Saving the Planet, Indigenous Rights and Standing Rock
Thursday, April 20, 3 pm, Student Activities Center, Sidney Gelber Auditorium
The Roadshow of Resistance is a traveling revue of environmental activism advocating for the rights of Indigenous People. It features music by singer-songwriter Casey Neill and Diné/Cheyenne hip-hop artist Lyla June Johnston. It will also include speeches by Cheryl Angel, a Lakota elder fighting the Dakota Access and Keystone XL pipelines, and Brytnee Laurette with the Center for Biological Diversity. It is a powerful opportunity to join a growing movement of resistance to attacks on our environment from the threat of climate change, species extinction, and pipeline expansions.
Lyla June Johnston is a descendant of Diné (Navajo) and Tsétsêhéstâhese (Cheyenne) lineages. She is a musician, public speaker and internationally recognized performance poet. She is a co-founder of The Taos Peace and Reconciliation Council, which works to heal intergenerational trauma and ethnic division in northern New Mexico. She is a walker within the Nihigaal Bee Iiná Movement, a 1,000-mile prayer walk through Diné Tah (the Navajo homeland) that is exposing the exploitation of Diné land and people by mining industries. She was the lead organizer of the Black Hills Unity Concert to support protestors at Standing Rock.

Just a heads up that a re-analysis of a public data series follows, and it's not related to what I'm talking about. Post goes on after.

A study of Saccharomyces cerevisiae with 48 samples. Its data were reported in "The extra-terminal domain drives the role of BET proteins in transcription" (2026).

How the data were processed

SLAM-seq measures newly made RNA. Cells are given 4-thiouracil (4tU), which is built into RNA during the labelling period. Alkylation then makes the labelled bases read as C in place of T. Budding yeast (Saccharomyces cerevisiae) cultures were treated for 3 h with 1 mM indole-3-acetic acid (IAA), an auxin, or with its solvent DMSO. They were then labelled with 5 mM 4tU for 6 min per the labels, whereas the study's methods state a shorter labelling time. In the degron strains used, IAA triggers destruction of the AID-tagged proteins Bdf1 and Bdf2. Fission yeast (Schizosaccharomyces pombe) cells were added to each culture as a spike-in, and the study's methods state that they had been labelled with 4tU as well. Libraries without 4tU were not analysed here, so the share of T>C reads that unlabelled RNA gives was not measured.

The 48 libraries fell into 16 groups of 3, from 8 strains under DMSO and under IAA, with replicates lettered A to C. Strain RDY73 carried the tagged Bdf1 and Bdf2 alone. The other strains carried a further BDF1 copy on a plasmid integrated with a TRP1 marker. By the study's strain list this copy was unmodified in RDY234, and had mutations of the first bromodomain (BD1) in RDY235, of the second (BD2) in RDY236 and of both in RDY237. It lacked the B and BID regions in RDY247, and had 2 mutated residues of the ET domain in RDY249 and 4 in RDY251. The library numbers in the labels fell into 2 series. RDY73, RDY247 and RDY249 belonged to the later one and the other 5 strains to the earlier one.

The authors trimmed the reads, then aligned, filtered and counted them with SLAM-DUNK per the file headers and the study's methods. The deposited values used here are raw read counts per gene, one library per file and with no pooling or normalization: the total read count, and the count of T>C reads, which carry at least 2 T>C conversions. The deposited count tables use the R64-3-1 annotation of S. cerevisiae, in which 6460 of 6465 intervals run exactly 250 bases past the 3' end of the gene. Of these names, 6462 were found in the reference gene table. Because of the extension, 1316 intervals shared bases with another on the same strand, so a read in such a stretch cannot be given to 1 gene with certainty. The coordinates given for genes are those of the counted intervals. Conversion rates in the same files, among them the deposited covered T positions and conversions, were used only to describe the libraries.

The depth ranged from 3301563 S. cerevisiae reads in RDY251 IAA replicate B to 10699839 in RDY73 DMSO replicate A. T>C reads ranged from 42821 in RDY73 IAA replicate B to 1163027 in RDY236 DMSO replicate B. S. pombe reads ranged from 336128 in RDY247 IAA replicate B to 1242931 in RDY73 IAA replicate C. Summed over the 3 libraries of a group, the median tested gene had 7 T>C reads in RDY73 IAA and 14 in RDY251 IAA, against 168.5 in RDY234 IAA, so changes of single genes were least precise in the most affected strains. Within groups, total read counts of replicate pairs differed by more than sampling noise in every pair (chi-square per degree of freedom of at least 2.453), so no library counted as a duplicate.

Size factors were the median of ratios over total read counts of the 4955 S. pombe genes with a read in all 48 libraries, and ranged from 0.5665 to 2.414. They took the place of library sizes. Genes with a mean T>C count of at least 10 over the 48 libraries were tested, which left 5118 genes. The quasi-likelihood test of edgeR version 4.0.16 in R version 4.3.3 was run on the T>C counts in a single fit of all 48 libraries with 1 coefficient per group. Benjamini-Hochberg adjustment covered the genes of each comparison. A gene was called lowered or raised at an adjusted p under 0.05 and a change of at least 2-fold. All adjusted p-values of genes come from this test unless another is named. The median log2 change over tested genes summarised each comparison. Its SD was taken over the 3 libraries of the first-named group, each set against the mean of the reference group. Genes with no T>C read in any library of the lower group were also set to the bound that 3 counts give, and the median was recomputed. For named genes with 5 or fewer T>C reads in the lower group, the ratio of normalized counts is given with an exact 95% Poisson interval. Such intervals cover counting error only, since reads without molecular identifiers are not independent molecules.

Casey Neill is a songwriter from Portland, Oregon, performing high-energy indie folk. His songs are narratives of American life and anthems for social change.
Cheryl Angel is a Lakota elder from the Sicangu tribe in South Dakota. Cheryl is a lifelong water protector helping to stop the Dakota Access and Keystone XL pipelines at Standing Rock.
This event is part of the Provost’s Lecture series and is co-sponsored by Earthstock, Department of Ecology and Evolution, Department of History, Humanities Institute, School of Marine and Atmospheric Sciences Sustainability Program.
For more information about other Earthstock 2017 events, please visit the website.